It has been eight years since 15-year-old Kip Kinkel fatally shot two Thurston High School students and wounded 25 others after murdering his parents in their home. On Saturday, Springfield Police Chief Jerry Smith recounted the incident in a public presentation at the Springfield City Hall Library Meeting Room titled, “Springfield Cops Behind the Scenes: The Thurston Shooting,” a presentation that came just two days after another armed 15-year-old boy was arrested on the Sheldon High School campus in Eugene.
It began with the actual 911-dispatch recording on the morning of May 21, 1998. As the recording played, an older woman wiped away tears from her eyes.
Smith, chief of police since 1999, reviewed a 13-minute-timeline with the audience from when Kinkel arrived on campus until after he was taken into custody.
At 7:50 a.m., security cameras recorded Kinkel entering campus and turning down the hallway towards the cafeteria where he fatally shot 16-year-old Ben Walker and wounded another student. He then walked through the cafeteria doors and opened fire. Kinkel wounded 24 students and killed 17-year-old Mikeal Nicholauson, before other students subdued him. At 8:00, two injured students were reported; at 8:01 medics were staged outside the school; and at 8:02 McKenzie-Willamette Hospital was put on trauma alert. By 8:03, Kinkel was in custody.
Smith showed a profile picture of Kinkel in the khaki-colored trench coat he wore to conceal his weapons. Another picture displayed the four weapons laid on a table: a .22 Ruger semi-automatic rifle, a .22 Ruger pistol, a 9MM Glock pistol and a hunting knife.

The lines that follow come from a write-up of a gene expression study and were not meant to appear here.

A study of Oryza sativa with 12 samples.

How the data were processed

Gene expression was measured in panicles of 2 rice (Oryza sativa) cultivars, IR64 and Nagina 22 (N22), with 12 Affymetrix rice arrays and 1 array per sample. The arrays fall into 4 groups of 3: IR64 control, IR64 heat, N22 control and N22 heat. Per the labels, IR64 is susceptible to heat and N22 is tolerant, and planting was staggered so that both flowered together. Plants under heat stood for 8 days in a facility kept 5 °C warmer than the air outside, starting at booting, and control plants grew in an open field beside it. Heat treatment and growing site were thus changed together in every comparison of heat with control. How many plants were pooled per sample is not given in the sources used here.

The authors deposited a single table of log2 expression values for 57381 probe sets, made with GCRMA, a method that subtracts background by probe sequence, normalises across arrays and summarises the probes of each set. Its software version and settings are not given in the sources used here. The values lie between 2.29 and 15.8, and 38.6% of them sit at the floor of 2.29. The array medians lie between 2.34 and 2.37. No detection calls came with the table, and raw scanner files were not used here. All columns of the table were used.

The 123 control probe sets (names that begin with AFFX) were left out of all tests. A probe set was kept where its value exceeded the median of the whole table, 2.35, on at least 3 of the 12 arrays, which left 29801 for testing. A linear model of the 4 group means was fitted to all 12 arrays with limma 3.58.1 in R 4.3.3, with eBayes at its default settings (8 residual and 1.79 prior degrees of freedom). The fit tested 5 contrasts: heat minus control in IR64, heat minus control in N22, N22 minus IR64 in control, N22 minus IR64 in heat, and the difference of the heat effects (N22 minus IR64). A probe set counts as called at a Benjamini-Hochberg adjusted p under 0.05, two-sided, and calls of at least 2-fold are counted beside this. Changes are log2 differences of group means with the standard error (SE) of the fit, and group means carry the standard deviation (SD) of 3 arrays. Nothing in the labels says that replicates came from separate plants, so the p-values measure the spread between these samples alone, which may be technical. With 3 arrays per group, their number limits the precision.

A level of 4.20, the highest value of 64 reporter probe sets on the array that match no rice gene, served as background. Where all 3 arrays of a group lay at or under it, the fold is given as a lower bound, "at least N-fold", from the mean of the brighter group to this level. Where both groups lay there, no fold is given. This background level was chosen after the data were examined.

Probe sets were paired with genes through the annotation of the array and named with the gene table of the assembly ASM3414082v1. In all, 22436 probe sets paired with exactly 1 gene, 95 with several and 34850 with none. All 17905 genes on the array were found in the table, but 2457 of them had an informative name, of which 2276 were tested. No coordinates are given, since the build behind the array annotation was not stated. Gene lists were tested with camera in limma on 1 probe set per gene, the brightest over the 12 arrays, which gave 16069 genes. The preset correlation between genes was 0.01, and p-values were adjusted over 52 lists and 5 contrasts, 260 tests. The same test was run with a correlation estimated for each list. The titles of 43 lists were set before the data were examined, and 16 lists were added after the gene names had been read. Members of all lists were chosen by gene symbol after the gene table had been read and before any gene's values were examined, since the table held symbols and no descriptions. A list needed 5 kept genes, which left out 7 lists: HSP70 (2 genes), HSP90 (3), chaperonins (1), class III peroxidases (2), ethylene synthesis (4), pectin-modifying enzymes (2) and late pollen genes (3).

“Kip Kinkel had 1,127 rounds of ammunition on him,” said Smith, a former U.S. Marine who spent 13 months on the ground during the Vietnam War. “I went into Vietnam with a third of that.”
Kinkel fired 51 rounds and had 37 hits. According to Smith, that is remarkably accurate – even for a trained soldier.
Smith explained to the audience how the investigation evolved as new information came to light: Namely, that Kinkel knew about explosives and that he had murdered his parents – Spanish teachers Bill and Faith Kinkel at Thurston and Springfield High schools, respectively.
He also talked about detriments to the investigation such as the perpetuation of rumors by the national media, particularly the Associated Press wire service, which he accused of sensationalized reporting. The wire service could not be reached as of press time.
“They talked to some 15-year-old kid that didn’t know which end was up,” Smith said. “And they took it as gospel.”
Smith said national media reporters pretended to be students, grieving parents and medics to get close to victims and witnesses.
At the end of his presentation, Smith opened up the floor to questions, during which he was asked what his thoughts were upon entering the cafeteria.
“I’ll be a little selfish here,” he said. “It took about a minute and a half in the cafeteria to determine my son (a Thurston freshman) wasn’t there.”
Adult Services Manager Jenny Peterson, organizer of the talk, reminded the audience that while the shooting at Thurston is not unique, “the hurt and tragedy is unique to the community.”